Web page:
When the Labour MP Nadia Whittome asked the prime minister last week if his government would commit to accepting all Ukrainian refugees who wished to come to the UK, Boris Johnson didn’t sidestep the question he told the Commons “This country will continue to do what it has always done and receive those who are fleeing in fear of persecution. That is what we will do.” But his words yet again appear to ring hollow.
While many in Europe have opened their border with open arms to those fleeing the war in Ukraine, offering solace. On Thursday, the UK had announced it would stop accepting visa applications from Ukrainians, meaning there is no safe and legal route to seek asylum. After the PM vowing that the UK will be “very generous” with Ukraine refugees coming to Britain.
In comparison, the EU’s announced on Sunday evening to take in refugees for up to 3 years without applying for asylum. Ireland has waived its visa requirements too.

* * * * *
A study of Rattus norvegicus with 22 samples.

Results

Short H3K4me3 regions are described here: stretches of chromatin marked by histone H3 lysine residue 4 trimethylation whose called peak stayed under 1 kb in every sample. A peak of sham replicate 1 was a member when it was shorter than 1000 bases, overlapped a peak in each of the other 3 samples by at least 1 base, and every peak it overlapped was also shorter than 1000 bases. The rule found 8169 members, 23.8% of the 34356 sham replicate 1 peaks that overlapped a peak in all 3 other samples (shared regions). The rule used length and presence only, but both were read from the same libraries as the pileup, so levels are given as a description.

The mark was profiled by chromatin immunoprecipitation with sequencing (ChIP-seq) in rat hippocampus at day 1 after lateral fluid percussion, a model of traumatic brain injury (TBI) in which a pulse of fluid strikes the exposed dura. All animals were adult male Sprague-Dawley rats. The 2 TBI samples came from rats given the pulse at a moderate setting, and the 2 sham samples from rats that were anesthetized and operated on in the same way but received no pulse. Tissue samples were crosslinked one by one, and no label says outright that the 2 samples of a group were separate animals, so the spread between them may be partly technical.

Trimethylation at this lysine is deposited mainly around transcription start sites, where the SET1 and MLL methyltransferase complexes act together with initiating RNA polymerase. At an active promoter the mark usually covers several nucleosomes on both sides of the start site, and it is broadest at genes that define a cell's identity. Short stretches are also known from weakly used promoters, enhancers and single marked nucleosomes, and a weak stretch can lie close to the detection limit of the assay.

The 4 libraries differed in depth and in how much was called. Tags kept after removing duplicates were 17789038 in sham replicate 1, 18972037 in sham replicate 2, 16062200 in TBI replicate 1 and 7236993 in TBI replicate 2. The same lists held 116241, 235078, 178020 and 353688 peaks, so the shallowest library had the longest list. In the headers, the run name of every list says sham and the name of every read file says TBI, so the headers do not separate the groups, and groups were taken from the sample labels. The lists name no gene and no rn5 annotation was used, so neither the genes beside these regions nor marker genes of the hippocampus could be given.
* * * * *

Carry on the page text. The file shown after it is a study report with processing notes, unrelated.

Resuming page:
Mr. Johnson said the UK has a system that permits people to enter for the longer term when they fear persecution, reunite with family, or “other purposes”. But this means that, under current rules, Ukrainian refugees fleeing the invasion who do not have immediate family connections to the UK will be denied entry. The Home Office minister Kevin Foster deleted a tweet saying that Ukrainians seeking to flee the ongoing conflict should apply for the seasonal worker visa. So what are the UK’s visa rules?
This all comes when the PM faces backlash at the controversial nationality and borders bill, which goes through the House of Lords’ report stage. More than 1,000 faith leaders have signed a letter to the prime minister urging him to reconsider.